Christian Muñoz Aguilar sits at his workstation. The 11-year-old helped supervise his four siblings while trying to do his own schoolwork. Amy Scott/Marketplace


But today is not a normal day.

“We have a total of 65 students,” said Catherine Drayton-Barber, an administrator of the Student Learning Center now located at the school. It’s one of 15 hubs the district opened throughout the city to serve students from kindergarten through fifth grade who struggled with remote learning. Priority is given to children who are homeless or have parents who have to work outside the home.

Many of the kids at John Ruhrah come from low-income immigrant families and have parents who are essential workers, Drayton-Barber said. “Students who don’t have the luxury of having access to internet,  computer access, a parent who’s in the home at all times.”

Here they have laptops, Wi-Fi, a safe place to be from 8 a.m. to 4 p.m., where they can get breakfast and lunch — and support. The classroom staff aren’t teachers. They’re district employees whose jobs got sidelined during the pandemic, like bus aides and hall monitors.

Jessica Henkin is normally a coordinator for early-childhood special-ed programs. She’d been working from home for months when she got the call in late September to come help run the center.

Jessica Henkin and Catherine Drayton-Barber are co-administrators of the Student Learning Center at John Ruhrah Elementary/Middle School. (Amy Scott/Marketplace)

“It was extremely nerve-wracking to be asked to come back in,” Henkin said. “I kept on thinking, well, I just don’t know if city schools, which before COVID struggled sometimes to keep soap in bathrooms, would be able to keep us safe, but we have been just so pleasantly surprised by how they’ve come through.”

There have been a couple of COVID-19 scares, but so far no positive cases, which Henkin said is significant given that the surrounding ZIP code has the highest infection rate in the city.

“I think it does speak volumes to the fact that people are taking it very seriously when they’re here, students and staff alike,” she said.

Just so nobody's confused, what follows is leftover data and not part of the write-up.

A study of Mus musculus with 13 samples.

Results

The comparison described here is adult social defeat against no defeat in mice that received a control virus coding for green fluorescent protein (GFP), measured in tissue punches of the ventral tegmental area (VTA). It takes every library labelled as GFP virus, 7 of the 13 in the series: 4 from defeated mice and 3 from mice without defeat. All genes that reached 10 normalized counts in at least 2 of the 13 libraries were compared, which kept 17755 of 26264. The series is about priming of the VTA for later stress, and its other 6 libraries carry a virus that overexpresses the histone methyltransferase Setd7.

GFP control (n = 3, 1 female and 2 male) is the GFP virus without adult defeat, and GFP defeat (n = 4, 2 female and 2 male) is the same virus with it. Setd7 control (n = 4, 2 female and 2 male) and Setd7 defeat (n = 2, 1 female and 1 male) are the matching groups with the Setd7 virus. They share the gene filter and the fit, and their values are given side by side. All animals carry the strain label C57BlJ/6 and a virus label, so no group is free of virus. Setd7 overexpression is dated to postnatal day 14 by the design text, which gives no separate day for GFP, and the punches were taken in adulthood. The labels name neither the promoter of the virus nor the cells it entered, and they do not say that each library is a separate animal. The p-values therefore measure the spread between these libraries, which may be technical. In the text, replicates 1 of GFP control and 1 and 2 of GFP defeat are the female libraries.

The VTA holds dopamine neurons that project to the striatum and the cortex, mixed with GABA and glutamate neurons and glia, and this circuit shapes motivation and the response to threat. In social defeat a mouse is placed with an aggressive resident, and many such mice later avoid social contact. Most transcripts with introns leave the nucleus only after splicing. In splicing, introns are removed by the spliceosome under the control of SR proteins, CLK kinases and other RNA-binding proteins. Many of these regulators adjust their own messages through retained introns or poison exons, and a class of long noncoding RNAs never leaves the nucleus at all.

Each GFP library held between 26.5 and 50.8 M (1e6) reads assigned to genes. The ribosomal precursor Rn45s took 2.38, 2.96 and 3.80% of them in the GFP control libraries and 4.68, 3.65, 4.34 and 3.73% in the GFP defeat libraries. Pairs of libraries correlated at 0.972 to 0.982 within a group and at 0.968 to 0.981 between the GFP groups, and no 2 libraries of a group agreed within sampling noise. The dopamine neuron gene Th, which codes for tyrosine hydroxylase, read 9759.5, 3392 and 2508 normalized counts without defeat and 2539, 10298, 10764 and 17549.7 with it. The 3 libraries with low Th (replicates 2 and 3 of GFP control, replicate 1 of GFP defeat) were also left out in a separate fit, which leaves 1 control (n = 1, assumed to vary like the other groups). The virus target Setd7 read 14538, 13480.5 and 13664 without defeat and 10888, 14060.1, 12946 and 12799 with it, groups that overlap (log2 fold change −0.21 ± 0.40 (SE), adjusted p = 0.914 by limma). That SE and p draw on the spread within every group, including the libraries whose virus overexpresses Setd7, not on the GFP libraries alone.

Inside the classrooms, students sit spaced apart, wearing masks, with clear plastic shields surrounding their desks. At least three air purifiers run constantly in each room. This is still virtual school. The kids are logged into their individual online classes, with their teachers working remotely.

Jenelle Anderson is a proctor in the kindergarten room, tasked with keeping the wiggly 5- and 6-year-olds on track. It’s a far cry from her regular job as a high school hall monitor — “the total opposite of what I’m used to,” she said.

At that moment, one student was doing a “feelings check-in” on her laptop, looking at pictures showing different emotions. Another had brought his Easter basket for virtual show and tell. Then Anderson led a group of girls out to the hallway to use the bathroom one at a time.

“It’s just hard to keep them focused and doing their work,” she said. “They need a lot more than the older ones.”

A lot of Anderson’s job will sound familiar to anyone managing remote learning right now, just times 15.

“Sometimes the links won’t work. Or sometimes they’ll work one day, then the next day they won’t. Laptops dying in the middle of the day,” she said. “Those are the challenges.”

Earlier this week, all of Baltimore’s Student Learning Centers had to send everyone home early when the internet went out.

Christian Muñoz Aguilar, 11, was learning about the recent election in his fifth-grade class.

“To vote, you have to be 18 or higher,” he said. “You have to be born here to be a president.”

Christian’s mom works as a janitor, and when school shut down in the spring, she still had to go to work. Christian had to help supervise his four siblings while trying to do his own schoolwork.

“It was fun, but kind of distracting because my sister would always come in the room and distract me,” he said. “I had to take care of my brothers and log them on.”

Here he can concentrate, and he’s made some friends from other schools. There’s lunch at big, round tables and after-school activities.

“It’s a taste of normalcy,” said Drayton-Barber. “It’s a taste of ‘OK, I have my academic day, and I have my after-school program.’ And you can hear the laughter.”

So far, only about 1,000 students are getting this taste of normal, out of more than 80,000 in the district. About 1,200 more are expected to start next week, though officials recently scaled back the reopening plan amid a surge of COVID infections in the city.

Administrators at John Ruhrah said if there is another shutdown, this time students will be better prepared to keep learning at home. Now many of them have the skills and the experience to log in.